The association between sexual function, pain, and psychological adaptation of men diagnosed with chronic pelvic pain syndrome type III.
ABSTRACT Prostatitis/chronic pelvic pain syndrome (CPPS) is known to have a negative impact on quality of life, especially on intimate relationships and sexual function. Information is, however, missing on the contribution of demographic and psychological variables to sexual variables. AIM. We compared the sexual function of men with CPPS to men without pain, and examined the relationship between the sexual, demographic, and psychological measures in men with CPPS.
Self-report questionnaires assessing demographic, pain, sexual function, and psychological adaptation.
The sample consisted of 72 men diagnosed with CPPS and 98 men without any pain condition. Self-report questionnaires measuring demographic, pain, and sexual function were completed once at the eligibility visit by all subjects. CPPS subjects completed additional questionnaires related to pain and psychological adaptation.
CPPS subjects differed from controls by reporting significantly less frequent sexual desire or thoughts, less frequent sexual activities, less arousal/erectile function, less orgasm function, and higher frequencies of genital pain during/after intercourse. When we adjusted for age and marital status, the difference between groups remained for thoughts/desire, frequency of sexual activity, and arousal/erectile function. Analysis of factors related to sexual function in CPPS subjects included pain status and psychological adaptation. Results showed that frequency of sexual activity decreased with increasing depression, whereas arousal/erectile function decreased with increasing pain symptoms and stress appraisal. Orgasm function decreased with increasing depression and pleasure/satisfaction decreased with increasing pain symptoms, stress appraisal, and decreasing belief of a relationship between emotions and pain.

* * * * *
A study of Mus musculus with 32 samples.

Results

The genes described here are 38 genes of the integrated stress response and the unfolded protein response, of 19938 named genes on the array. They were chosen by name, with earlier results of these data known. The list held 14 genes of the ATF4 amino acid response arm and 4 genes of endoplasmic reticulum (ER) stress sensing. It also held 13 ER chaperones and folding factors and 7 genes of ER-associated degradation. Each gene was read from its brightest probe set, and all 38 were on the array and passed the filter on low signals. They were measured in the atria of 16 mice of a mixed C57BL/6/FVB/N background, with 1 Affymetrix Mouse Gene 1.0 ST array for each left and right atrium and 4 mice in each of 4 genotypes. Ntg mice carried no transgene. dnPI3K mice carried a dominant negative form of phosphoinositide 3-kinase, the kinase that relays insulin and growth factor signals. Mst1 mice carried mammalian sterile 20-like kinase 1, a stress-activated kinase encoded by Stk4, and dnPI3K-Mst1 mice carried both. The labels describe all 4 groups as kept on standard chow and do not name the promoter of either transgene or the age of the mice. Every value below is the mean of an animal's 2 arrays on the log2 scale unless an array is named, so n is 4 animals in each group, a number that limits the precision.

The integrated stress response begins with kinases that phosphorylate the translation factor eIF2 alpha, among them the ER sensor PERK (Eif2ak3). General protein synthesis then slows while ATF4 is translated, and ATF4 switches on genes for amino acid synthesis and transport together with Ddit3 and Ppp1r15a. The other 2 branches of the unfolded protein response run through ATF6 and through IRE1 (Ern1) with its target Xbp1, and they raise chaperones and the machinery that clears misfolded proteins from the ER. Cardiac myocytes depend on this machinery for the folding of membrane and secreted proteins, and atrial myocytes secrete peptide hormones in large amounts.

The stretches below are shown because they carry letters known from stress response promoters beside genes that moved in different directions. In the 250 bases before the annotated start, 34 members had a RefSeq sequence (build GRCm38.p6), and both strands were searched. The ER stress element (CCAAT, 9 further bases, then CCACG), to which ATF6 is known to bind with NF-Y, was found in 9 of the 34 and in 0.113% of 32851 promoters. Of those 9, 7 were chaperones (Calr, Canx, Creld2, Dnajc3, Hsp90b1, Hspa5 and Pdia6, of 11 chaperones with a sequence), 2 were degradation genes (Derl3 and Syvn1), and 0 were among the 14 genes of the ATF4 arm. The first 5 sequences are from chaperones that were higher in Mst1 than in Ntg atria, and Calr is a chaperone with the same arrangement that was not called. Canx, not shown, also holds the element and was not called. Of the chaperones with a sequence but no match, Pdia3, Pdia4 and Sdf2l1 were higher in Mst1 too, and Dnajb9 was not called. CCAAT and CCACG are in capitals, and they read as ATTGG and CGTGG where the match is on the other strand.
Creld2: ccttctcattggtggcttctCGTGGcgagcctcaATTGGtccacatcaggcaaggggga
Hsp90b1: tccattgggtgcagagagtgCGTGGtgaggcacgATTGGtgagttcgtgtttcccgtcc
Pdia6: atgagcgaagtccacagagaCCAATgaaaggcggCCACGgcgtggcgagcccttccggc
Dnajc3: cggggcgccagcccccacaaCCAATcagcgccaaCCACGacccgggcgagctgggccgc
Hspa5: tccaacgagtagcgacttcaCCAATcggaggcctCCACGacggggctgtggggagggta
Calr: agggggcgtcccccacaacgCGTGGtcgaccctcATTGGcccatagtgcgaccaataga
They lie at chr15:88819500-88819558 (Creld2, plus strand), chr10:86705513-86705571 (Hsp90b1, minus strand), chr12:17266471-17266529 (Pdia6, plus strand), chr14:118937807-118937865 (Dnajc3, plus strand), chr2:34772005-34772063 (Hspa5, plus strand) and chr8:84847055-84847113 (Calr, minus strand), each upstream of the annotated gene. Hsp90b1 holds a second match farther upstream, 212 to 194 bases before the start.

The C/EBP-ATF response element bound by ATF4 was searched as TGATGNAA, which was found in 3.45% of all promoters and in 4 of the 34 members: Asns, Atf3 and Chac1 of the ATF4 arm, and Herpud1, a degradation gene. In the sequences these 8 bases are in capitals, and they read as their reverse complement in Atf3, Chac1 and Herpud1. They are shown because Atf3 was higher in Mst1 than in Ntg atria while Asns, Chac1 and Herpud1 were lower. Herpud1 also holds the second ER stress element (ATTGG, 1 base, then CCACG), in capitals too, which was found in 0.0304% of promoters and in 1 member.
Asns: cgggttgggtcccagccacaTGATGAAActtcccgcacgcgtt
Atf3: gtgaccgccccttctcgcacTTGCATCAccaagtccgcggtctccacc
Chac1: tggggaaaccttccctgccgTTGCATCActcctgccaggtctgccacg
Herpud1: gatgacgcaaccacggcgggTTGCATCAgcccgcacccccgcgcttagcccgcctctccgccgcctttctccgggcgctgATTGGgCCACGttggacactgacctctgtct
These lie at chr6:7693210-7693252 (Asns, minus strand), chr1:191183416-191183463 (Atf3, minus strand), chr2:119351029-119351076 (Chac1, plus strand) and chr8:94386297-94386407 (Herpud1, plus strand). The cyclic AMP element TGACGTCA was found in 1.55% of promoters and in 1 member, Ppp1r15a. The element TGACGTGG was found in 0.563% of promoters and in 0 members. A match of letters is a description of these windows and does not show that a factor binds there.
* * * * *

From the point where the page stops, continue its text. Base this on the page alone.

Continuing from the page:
We found a differential sexual profile for men with CPPS when compared to men without pain. The results suggest that interventions addressing psychological factors affecting sexual responses should be further studied in prospective clinical trials as one possible way to improve sexual function and satisfaction in men with CPPS.
Article: Correlations of interstitial cystitis/painful bladder syndrome with female sexual activity.[show abstract] [hide abstract]
ABSTRACT: We investigated how the symptoms of interstitial cystitis/painful bladder syndrome (IC/PBS) are correlated with the sexual activity of these patients. A total of 87 patients were included in this study; 18 patients were diagnosed with IC and the other 69 had PBS. The diagnosis was made on the basis of the concept of IC/PBS proposed by the ICS in 2002. Patients were asked to fill in a Bristol female lower urinary tract symptom questionnaire, and symptoms were rated on a scale of from 1 to 4 or 5. Pearson's correlation coefficient was used to analyze the correlation of pain and urinary symptoms with quality of life and sexual activity. The average age of the patients was 51+/-14.7 years (range, 28-74 years). Age and vulvodynia were positively correlated with one another (r=0.232), and there was a negative correlation between age and dyspareunia (r=-0.302). Among the items regarding IC/PBS and sexual activity, frequency showed a positive correlation with vulvodynia (r=0.258) in addition to an inhibited sex life (r=0.403). Urgency showed a positive correlation with an inhibited sex life (r=0.346). Vulvodynia showed a positive correlation with an inhibited sex life (r=0.259) and dyspareunia (r=0.401). The main symptoms of IC/PBS (frequency, urgency, and pelvic pain) showed a positive correlation with almost all items related to quality of life (p<0.05). Frequency, urgency, and various types of pain are negatively correlated with the sexual activity of patients. This suggests that physicians should consider sexual function in the management of patients with IC/PBS.Korean journal of urology 01/2010; 51(1):45-9.